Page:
Burnt Nipples And Battery Blues: The Downside Of 3G Wi-Fi Hotspots

A 3G Wi-Fi hotspot can be a really handy way of getting Internet on the road, especially if you need to connect multiple devices. Just don’t expect it to work for a long time — and don’t put it in your shirt pocket.

I’ve recently been testing Telstra’s Elite Mobile prepaid Wi-Fi device, which was launched earlier this month. There’s a lot to like about it: the design is pretty much foolproof even for a confirmed gadget breaker like me, and you don’t need any specialised software to connect it. (That makes it a very straightforward choice if you want to run Linux on your notebook, for starters.) The network performance is also up to the usual high Telstra standard.

Despite that, there are two reasons why I don’t think I’ll be swapping permanently from a 3G dongle to a Wi-Fi device any time soon. The first is that the battery life isn’t that impressive. During my recent and unexpectedly extended stay on the Gold Coast, I used the Elite Mobile while I was hanging around the airport waiting to learn what happened. My notebook battery worked fine over that five hour period and still had charge to spare, but a fully-charged Elite ran out two-thirds of the way through — and I was only connecting to a single device at the time. Having to recharge the device every single day would make it rather less convenient, but that seems like a necessity.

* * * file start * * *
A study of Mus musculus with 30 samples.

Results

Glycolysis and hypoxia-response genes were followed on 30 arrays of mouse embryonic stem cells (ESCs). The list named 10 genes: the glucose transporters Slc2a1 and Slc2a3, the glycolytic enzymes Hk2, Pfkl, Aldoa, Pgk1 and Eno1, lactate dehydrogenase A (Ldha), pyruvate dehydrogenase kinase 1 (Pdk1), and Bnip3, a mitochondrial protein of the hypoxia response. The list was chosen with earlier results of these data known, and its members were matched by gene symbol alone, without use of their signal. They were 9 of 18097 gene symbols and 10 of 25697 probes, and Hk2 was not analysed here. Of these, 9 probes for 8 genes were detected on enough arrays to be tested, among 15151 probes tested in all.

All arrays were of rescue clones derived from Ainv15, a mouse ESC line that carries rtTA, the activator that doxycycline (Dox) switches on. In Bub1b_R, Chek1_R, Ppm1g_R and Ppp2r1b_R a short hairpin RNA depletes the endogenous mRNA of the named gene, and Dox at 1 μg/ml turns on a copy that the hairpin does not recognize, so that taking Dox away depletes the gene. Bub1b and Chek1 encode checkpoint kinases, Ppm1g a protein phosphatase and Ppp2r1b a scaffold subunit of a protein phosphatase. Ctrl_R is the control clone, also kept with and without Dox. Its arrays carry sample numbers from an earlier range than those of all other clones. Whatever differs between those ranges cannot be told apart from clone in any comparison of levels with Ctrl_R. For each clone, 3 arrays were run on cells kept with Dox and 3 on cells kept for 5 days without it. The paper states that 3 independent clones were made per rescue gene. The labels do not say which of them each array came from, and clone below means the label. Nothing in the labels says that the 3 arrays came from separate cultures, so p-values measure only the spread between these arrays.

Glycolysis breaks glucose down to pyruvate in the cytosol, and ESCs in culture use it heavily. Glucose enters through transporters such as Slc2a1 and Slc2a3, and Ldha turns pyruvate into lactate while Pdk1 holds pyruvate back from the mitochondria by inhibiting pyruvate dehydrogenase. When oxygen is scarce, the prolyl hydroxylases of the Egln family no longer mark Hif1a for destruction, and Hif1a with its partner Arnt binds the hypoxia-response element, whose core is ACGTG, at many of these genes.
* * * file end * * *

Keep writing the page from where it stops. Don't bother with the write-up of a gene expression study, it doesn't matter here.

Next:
The second reason I’ve been put off is that I don’t want singed nipple hairs. This device runs hot — so hot that I could easily feel it on my chest when I had it in my jacket pocket, even with two layers of fabric in between. Frankly, that’s just not a good look. I definitely don’t want to risk putting it in my jeans pocket and being forced to order a “SCORCHED NADS” headband shortly thereafter. And in a crowded airport, leaving it sitting on a desk or table isn’t really an option.

I’m not singling out the Telstra model for special criticism here; by all accounts, running warm isn’t an unusual feature of these devices. But it’s enough of an issue that I feel like a connected dongle is going to work better for me.

Lifehacker Australia editor Angus Kidman decided to eliminate medically offensive photography from this post. His Road Worrier column, looking at technology and organising tips for travellers, appears each week on Lifehacker.